Voter Turnout for Young People, Minorities Uncertain as Midterms Approach

By  - 
capitol congress hearing subcommittee on higher education
National Capitol

With the 2018 midterm elections just days away, uncertainty remains regarding how many young adults and underrepresented voters will show up to the polls on Nov. 6. Recent surveys of millennials that paint conflicting pictures of their projected turnout and numerous accusations of voter suppression in marginalized communities, however, indicate that midterm participation by these populations hangs in the balance.

Student Turnout Rates

In the past, young Americans have had notoriously low voter turnout rates, with only 16 percent of eligible voters ages 18 to 29 casting ballots in the 2014 midterm elections. Many sources, however, expect millennials to show up to the polls in record numbers on Nov. 6. A recent survey by Harvard University’s Institute of Politics (IOP) found that 40 percent of eligible voters ages 18 to 29 say they “definitely” plan to vote next week, which would represent the largest youth turnout for a midterm election in at least three decades.

Despite this optimistic prediction, other sources suggest that the vast majority of millennials may opt out of casting their vote on Tuesday. In a new survey by NBC News and the University of Chicago, just under one-third of eligible voters ages 18 to 34 responded “yes” when asked if they are certain to vote in the midterms.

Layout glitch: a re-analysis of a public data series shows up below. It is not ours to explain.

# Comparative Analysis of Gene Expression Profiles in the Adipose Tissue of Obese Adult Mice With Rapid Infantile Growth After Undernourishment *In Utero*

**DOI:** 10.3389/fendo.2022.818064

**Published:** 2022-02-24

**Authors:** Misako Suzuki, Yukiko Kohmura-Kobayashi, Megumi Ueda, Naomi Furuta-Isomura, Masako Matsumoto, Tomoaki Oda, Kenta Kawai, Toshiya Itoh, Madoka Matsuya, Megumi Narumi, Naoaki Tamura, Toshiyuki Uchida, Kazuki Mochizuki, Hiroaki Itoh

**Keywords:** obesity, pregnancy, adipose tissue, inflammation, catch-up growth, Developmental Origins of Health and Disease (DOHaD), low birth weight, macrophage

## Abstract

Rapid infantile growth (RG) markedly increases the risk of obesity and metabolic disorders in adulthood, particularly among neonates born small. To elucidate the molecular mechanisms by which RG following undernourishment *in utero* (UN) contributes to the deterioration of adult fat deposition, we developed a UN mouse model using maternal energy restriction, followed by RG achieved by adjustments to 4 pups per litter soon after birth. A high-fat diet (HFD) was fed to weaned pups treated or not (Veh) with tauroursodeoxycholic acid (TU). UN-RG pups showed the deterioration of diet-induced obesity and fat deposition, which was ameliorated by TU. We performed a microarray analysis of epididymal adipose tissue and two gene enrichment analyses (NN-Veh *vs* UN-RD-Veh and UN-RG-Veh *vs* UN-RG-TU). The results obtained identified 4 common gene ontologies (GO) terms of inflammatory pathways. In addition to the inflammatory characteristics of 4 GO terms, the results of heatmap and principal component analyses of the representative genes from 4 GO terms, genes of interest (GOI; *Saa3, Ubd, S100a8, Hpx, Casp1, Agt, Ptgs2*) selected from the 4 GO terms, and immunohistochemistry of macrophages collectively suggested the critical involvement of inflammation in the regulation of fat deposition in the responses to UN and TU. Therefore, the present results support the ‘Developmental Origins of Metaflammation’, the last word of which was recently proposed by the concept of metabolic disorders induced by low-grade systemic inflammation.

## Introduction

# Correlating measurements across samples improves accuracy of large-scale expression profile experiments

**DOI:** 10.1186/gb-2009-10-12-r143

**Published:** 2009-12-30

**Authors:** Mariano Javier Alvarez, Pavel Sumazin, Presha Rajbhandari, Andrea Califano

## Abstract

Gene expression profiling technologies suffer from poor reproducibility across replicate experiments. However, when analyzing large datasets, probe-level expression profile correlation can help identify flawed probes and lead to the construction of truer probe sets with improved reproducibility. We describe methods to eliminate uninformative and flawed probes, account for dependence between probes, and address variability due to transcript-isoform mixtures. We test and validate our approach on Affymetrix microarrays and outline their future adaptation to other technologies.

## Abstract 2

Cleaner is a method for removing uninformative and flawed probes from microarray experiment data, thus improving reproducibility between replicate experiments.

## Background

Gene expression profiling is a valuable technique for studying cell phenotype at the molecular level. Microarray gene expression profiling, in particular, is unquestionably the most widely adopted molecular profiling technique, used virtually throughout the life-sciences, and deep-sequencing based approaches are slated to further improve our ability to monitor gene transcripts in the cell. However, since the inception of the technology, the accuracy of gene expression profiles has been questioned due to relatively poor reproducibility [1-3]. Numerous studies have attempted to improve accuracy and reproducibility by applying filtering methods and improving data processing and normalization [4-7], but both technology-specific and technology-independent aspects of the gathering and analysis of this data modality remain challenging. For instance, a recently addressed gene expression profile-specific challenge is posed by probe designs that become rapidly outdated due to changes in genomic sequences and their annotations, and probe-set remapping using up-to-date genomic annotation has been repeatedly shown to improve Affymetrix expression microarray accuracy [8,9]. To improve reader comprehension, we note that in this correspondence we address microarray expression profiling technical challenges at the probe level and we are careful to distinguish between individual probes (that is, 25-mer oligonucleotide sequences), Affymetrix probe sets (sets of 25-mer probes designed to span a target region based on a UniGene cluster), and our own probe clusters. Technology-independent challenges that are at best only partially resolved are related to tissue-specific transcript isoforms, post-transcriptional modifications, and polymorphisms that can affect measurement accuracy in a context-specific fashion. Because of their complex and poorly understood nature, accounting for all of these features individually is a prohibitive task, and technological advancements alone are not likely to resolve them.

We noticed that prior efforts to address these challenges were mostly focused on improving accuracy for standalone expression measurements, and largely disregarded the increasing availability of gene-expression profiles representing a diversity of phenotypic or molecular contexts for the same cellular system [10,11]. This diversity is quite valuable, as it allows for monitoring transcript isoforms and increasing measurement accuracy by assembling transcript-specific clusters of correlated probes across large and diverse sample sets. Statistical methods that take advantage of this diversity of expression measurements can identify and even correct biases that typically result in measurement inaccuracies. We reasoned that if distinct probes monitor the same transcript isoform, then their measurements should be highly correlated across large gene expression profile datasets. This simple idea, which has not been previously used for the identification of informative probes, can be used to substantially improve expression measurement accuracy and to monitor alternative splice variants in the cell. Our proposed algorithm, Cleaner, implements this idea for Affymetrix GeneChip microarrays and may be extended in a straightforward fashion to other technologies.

Regardless of their turnout, more young voters — especially college students — are expected to vote Democrat than Republican, according to numerous sources. The IOP survey also found that more than half of millennial voters share democratic socialist views when it comes to key issues like healthcare and free public higher education.

Voter Suppression

As previously reported by INSIGHT Into Diversity, the use of voter suppression tactics aimed at marginalized communities and college students has been on the rise in recent years. In the buildup to this year’s midterms, there have been numerous allegations of Republican-enacted policies reportedly designed to restrict minority access to the polls.

Voter ID laws, which many say target low-income communities of color, are currently at the center of a legal battle between Native American residents and white, conservative legislators in North Dakota. The Republican-controlled state instituted a policy in early October requiring voters to provide a legal ID with their registered street address when they arrive at the polls. Post office box addresses — used by thousands of Native Americans living on the state’s rural reservations — are not considered valid under the policy. Now, Native American communities and voter rights activists are pushing back, with one group filing a lawsuit against North Dakota’s Secretary of State Al Jaeger on Oct. 30.

In other parts of the country, polling places in underserved neighborhoods have been closed or the number of poll workers reduced in what voter rights advocates say are attempts to discourage underrepresented voters or even disenfranchise entire communities. A new analysis by USA Today found that “the burden of America’s shrinking access to in-person voting options” falls disproportionately on citizens in urban, low-income areas. Civil rights organizations say these are intentional efforts to make voting a complicated and time-consuming process for America’s most marginalized populations.